With a recent Summit Information survey revealing that 74% of CEOs consider analytics to be an investment priority in the next 12 months, it’s not surprising that many businesses are taking steps to boost their analytics capability. That’s the good news — the bad news is that a lot of them will fail…
So what’s the problem? In general, the reason why many well-intentioned attempts at deploying in-house analytics stall out or don’t produce the results expected is the same as for failed projects of any discipline — a lack of investment and unrealistic expectations. Success, on the other hand, will come to those who realise that it’s going to take more than just employing a few analysts to deliver real competitive advantage to your business.
Consider almost any profession and great results are usually created by teams of people, well-resourced and supported from the top down. Whether building a house or flying people to the moon, it’s the combination of these factors that results in successful outcomes.
So, what are some things businesses can do to ensure they get their data analytics projects off to a good start?
Here’s a list of 10 tips we know will make a difference.
Ensure your analytics team have:
1. Data that is easily accessible, well documented and its limitations understood by users — and a working knowledge of external sources such as weather and census data can’t hurt either.
2. Hire analysts that understand the business and the industry you’re in. Having people who ‘get’ the context of an inquiry is invaluable.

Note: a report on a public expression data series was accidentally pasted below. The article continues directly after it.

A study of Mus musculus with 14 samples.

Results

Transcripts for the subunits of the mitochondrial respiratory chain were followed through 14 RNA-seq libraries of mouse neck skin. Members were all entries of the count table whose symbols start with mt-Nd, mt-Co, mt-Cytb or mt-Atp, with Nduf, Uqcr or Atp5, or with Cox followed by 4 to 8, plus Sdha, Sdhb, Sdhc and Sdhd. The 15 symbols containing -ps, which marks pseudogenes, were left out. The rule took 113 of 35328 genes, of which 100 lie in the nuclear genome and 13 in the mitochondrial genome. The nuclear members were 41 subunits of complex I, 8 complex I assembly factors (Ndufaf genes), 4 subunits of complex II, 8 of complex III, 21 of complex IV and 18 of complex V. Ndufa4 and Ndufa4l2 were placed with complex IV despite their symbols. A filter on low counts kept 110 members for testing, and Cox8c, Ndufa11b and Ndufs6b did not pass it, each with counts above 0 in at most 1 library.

3. Make sure you have a clear, written definition of the problem or issue you’re working on —and ensure everybody understands and agrees with the terminology.
4. Ensure you have the right software tools to perform the analysis — and sufficient computing power to run the queries.
5. Encourage an environment where asking questions is supported and the fact that initial analysis may have to be tweaked and re-run is understood.
6. Dedicate enough time to performing the analysis – don’t let seemingly urgent but unimportant tasks get in the way.
7. Use a separate team to do reporting & presentations. It’s possible you may hire a brilliant data scientist who’s also great at creating presentations and public speaking — but they are unique skill sets not usually found in the same person.
8. Make sure your analysts have access to the business users to ask for clarification and to discuss interim results.
9. Provide feedback to the team on how you anticipate the business will act on the results of the analysis (a sense of purpose is great for motivation).
10. Deploy a knowledge management platform to store and access previous analysis and visualisation tools to help communicate results to the business users.
ABOUT THE AUTHOR
Sally Carey is a director of Datamine and has over 20 years experience consulting on data analytics solutions across a range of industry sectors. Carey specializes in delivering clarity from the complexity of big data – advising organizations on a host of predictive analytics disciplines - including quantitative decision making, loyalty programmes, organisational change and marketing strategy.